X3n's Avatar X3n
01:07 PM Liked: 10
post #1 of 4
07-27-2013 | Posts: 6
Joined: Oct 2010
Hello everybody,

I'm new to the whole AVR scene. My Denon 2113 + Wharfedale surround system is the first time I've invested time and money into an audio system for my house. I'm very much the newbie. Considering my newbishness, I thought it best to create a separate thread rather than disturb the official owners thread. My current settings are the default Audyssey recommended ones. Dynamic EQ is on as well as Dynamic Volume and Cinema EQ. I only have a 5.0 system. No sub.

I have a few questions:

1. I have been watching movies and listening to music fine. However, I'm a little miffed at the **level** of the sound. I was warned not to go too high or that I'd be putting my speakers at risk. However, I frankly don't hear anything substantial until I go past 40-45 and often need to hit 60 to be able to enjoy something. I often find myself watching movies at 70-75+. I've set the maximum to 80 and can't go past that. I don't find 80 all that uncomfortably loud either. Is this normal?
2. What part does the source's audio level play in all this? The sources in (1) were set to the maximum level. I see that there's a "Source level" setting in Setup where I can increase the level from 0 to 12db. This does increase the volume somewhat, but feels like more of a hack than a fix.
3. The whole Zone 2 experience has left me underwhelmed. The interface is so ridiculously clunky. Is there any way to get the Denon display to function the same way for zone 2 as it does for zone 1? For example, when playing something on Internet Radio or iPod/USB in the main zone, the denon display informs me of the current track, etc. However this is completely missing when these sources are access via Zone 2.

It's highly possible that all this is due to my own errors. Please let me know how to address these questions.

Thanks!
Xen.
jdsmoothie's Avatar jdsmoothie
02:57 PM Liked: 1754
post #2 of 4
07-27-2013 | Posts: 46,572
Joined: Sep 2007
Reposted to the Denon AVR-XX13 Owner's thread ...

http://www.avsforum.com/t/1409431/the-official-denon-avr-xx13-model-owners-thread-faq/8700_100#post_23569761
Selden Ball's Avatar Selden Ball
03:02 PM Liked: 511
post #3 of 4
07-27-2013 | Posts: 7,658
Joined: Jan 2001
1. After the Audyssey calibration, 80 is "reference". When the volume control is set there, it'll nominally produce the same sound level in your listening room at your primary listening position as you'd hear when watching the same movie in a calibrated movie theater. Modern receivers use a logarithmic volume scale which is similar to the sound level response of our own hearing. Many people don't like to listen at high volume levels, so they tend to listen to movies (over HDMI) at a level about 25dB below reference (80 - 25 = 55).

There really is no equivalent to movie reference sound levels in other audio formats, though. For example, pop music released on CDs is both compressed and recorded at higher sound levels, so people often listen to them another 10dB below reference.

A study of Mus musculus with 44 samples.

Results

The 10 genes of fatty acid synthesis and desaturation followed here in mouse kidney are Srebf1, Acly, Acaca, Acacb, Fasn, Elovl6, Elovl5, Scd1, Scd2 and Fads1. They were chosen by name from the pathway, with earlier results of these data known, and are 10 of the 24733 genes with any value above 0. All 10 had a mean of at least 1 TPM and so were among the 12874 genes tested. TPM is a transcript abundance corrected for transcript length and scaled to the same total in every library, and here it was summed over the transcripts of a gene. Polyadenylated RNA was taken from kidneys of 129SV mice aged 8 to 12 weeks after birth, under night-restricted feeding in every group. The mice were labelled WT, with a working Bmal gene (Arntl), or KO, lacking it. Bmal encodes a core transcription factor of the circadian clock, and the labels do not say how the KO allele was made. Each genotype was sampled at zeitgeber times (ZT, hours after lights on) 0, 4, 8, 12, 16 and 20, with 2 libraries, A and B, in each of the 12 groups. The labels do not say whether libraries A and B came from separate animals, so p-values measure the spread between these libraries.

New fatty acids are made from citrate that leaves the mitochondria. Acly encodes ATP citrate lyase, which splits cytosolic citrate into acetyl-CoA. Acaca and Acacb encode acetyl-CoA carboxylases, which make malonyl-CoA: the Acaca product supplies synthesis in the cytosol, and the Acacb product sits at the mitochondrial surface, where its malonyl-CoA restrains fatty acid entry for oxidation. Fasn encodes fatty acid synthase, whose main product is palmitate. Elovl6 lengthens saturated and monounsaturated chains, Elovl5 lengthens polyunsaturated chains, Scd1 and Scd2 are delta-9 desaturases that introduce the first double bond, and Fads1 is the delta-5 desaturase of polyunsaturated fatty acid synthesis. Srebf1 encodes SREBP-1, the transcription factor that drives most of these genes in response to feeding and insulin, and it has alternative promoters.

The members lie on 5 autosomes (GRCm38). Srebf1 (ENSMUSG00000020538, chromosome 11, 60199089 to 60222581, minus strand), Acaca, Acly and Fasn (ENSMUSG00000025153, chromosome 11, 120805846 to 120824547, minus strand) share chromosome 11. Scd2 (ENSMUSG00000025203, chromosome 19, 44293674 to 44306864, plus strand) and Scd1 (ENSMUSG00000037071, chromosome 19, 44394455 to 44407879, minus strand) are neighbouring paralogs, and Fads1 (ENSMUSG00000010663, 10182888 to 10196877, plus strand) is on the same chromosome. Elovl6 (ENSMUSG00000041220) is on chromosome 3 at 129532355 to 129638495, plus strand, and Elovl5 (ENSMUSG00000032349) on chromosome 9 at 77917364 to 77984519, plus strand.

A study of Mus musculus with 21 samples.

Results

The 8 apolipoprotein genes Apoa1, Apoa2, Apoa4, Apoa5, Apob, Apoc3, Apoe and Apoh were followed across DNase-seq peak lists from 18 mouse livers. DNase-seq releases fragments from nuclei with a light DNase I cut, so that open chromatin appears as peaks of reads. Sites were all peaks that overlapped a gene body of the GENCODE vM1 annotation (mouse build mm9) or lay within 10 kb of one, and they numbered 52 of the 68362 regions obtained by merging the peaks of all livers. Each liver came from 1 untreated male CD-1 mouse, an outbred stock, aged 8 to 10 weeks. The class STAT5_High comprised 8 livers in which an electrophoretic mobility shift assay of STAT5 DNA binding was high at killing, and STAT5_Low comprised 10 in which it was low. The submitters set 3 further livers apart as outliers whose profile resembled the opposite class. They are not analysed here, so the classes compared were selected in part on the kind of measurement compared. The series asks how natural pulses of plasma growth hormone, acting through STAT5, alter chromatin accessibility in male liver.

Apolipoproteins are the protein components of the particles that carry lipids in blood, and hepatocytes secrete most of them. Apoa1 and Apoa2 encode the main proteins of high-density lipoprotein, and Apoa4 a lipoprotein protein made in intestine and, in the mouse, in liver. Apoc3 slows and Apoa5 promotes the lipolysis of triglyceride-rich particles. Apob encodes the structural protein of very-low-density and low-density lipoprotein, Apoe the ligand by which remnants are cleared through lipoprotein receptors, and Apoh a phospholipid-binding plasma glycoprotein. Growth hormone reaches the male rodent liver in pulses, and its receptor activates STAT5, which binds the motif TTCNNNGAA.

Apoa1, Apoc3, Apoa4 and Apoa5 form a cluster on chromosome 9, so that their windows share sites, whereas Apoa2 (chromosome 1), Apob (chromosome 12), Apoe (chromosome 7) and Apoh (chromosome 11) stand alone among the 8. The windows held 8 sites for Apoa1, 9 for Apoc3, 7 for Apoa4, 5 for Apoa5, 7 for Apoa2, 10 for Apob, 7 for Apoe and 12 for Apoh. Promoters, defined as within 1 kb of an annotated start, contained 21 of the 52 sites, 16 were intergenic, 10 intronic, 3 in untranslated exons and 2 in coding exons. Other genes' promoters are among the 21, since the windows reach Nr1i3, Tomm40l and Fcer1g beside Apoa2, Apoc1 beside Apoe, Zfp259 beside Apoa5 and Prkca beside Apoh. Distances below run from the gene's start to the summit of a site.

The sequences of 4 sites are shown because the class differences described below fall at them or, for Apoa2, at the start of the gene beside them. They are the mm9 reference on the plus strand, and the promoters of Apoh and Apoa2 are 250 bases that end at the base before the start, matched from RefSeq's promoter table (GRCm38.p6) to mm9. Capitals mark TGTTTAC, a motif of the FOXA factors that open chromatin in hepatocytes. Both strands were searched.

You need to adjust both Dyn EQ and Dyn Vol to match your own preferences.
Try listening with them both disabled, for example.

Dyn EQ takes into account that we can't hear the lowest and highest frequencies as well at lower sound levels as we do at higher. Dyn EQ boosts the lowest and highest frequencies so you'll hear the frequency balance of a movie soundtrack as was intended by the studio when you're listening at volume levels below reference.

Dynamic Volume reduces the difference between the quietest and loudest sounds, so loud explosions don't annoy other people while quiet dialog is still audible. Many people don't bother to engage this unless they're watching movies while someone else is trying to sleep.

2. 12 dB increases the apparent volume by more than a factor of two, and required power by more than 8. If you're raising all of the inputs, then you're bypassing the limit you've put on the volume control. I suggest removing that limit instead.

3. In most cases, you should think of additional zones as after-thoughts. They were originally intended just to supply stereo music in other rooms and have gradually acquired other features with succeeding generations of receivers. The 2013 X4000 receiver provides more features than the 2012 (xx13) generation of Denon receivers, for example. I personally don't use multiple zones, though, so someone else will have to answer in detail.
X3n's Avatar X3n
01:36 AM Liked: 10
post #4 of 4
07-30-2013 | Posts: 6
Joined: Oct 2010
Thank you, Selden. I've turned off Dynamic Volume. I've now set my default volume level to 30 and am telling myself that I'm now at 0 smile.gif I've not actually added the 12Db source boost. I just noticed it's existence. But I'm considering using it to balance the volume levels of different sources. My set top box is less audible than my media player, for example.

As for zone 2, I'm just a little miffed that I can't tell what I'm trying to play.

Thank you for your assistance! I'm going to hop over to the "Owners" thread now.